Login | Signup

J.J. Abrams 'Emotionally Hurt' By Disappointing Star Trek Game

Jonathan Lester
Digital Extremes, film tie-in, J.J. Abrams, Namco Bandai, Star Trek: The Video Game

J.J. Abrams 'Emotionally Hurt' By Disappointing Star Trek Game

Star Trek ended up wasting a decent license and some great banter when it released in May, to our intense disappointment. Even director J.J. Abrams found himself bemoaning the ratty quality on show, suggesting that he was  hurt" by how much potential ended up untapped.

Abrams discussed the series in a video interview with GamerHub. “The last game," he said, "which was obviously a big disappointment to me, was something that we were actually involved in from the very beginning and then we sort of realised that it was not going in a place where we were going to get what we wanted, so we dropped out and they continued to do it despite… y’know."

Yes, we know.

“To me the video game could have been something that actually really benefitted the series and was an exciting, fun game with great gameplay, and instead it was not and was something that I think, for me emotionally it hurt, ‘cos we were working our asses off making the movie and then this game came out and it got, this isn’t even my opinion, it got universally panned and I think that it was something without question that didn’t help the movie and arguably hurt it.”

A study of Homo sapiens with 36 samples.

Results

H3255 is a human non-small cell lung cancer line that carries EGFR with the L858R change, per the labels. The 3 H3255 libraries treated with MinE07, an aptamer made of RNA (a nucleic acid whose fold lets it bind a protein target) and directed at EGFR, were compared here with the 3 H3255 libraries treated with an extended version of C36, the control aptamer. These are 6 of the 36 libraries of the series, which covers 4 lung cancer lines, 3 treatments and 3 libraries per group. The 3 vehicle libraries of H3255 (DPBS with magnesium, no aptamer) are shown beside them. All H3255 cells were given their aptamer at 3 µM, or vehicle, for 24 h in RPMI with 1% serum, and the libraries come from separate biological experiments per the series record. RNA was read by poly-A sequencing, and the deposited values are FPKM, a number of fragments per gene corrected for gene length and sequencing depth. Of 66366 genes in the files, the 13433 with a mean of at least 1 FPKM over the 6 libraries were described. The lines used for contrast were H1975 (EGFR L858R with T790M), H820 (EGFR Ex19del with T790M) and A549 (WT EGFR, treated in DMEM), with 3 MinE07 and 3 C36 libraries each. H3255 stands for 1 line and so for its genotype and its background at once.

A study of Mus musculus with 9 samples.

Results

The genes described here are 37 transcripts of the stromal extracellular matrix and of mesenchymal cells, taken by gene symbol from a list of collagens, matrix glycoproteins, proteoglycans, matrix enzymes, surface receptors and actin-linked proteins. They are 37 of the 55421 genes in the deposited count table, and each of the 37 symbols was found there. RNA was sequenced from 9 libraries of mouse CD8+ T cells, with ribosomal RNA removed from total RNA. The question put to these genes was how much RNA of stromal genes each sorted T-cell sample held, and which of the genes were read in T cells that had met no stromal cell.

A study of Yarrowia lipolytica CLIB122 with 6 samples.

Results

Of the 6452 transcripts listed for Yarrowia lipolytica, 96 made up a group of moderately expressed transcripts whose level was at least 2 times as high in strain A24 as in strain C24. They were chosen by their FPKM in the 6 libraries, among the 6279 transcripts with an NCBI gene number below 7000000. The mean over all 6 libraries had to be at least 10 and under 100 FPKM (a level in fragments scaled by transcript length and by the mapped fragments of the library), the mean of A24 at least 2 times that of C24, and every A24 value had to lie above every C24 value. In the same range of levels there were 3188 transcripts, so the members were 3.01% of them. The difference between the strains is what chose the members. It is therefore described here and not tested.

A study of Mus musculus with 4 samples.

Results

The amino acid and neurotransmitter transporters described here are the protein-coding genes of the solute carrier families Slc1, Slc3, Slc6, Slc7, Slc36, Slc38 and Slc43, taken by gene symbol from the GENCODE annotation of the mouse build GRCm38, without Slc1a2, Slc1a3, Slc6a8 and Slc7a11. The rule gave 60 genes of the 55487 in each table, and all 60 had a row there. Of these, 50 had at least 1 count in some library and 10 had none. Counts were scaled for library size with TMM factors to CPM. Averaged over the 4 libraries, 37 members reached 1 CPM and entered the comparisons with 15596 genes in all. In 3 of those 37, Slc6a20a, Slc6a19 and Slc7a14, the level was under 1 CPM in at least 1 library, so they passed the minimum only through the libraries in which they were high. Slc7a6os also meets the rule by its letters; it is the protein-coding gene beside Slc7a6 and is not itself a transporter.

Despite this disappointment, however, Abrams is still upbeat about film tie-ins in general, suggesting that there's room for quality games if they're developed to stand tall on their own merits.

“The dream is – we’re working with Valve right now on a couple of projects – is to say okay, despite its existence as a game, despite its existence as a movie, what makes this great? And starting from scratch, let’s make this from the ground up great, regardless of what’s come before," he concluded. “And that’s me, whether it’s a video game or a book or a movie or a song. Anything that is based on something else, it needs to exist on its own terms. And a lot of times these seem to exist as an ancillary product, in which case it will suck.”

We agree, but film tie-ins often suffer from a very limited development schedule as they're created alongside their parent property. We'd like to see more focused downloadable efforts that can be released cheaper and more polished in the same timeframe (such as Scott Pilgrim vs The World) going forward.

Also, just to play devil's advocate, the film's developer cutting the game loose probably didn't help either. Eh, JJ?

Add a comment0 comments

Email Address:

You don't need an account to comment. Just enter your email address. We'll keep it private.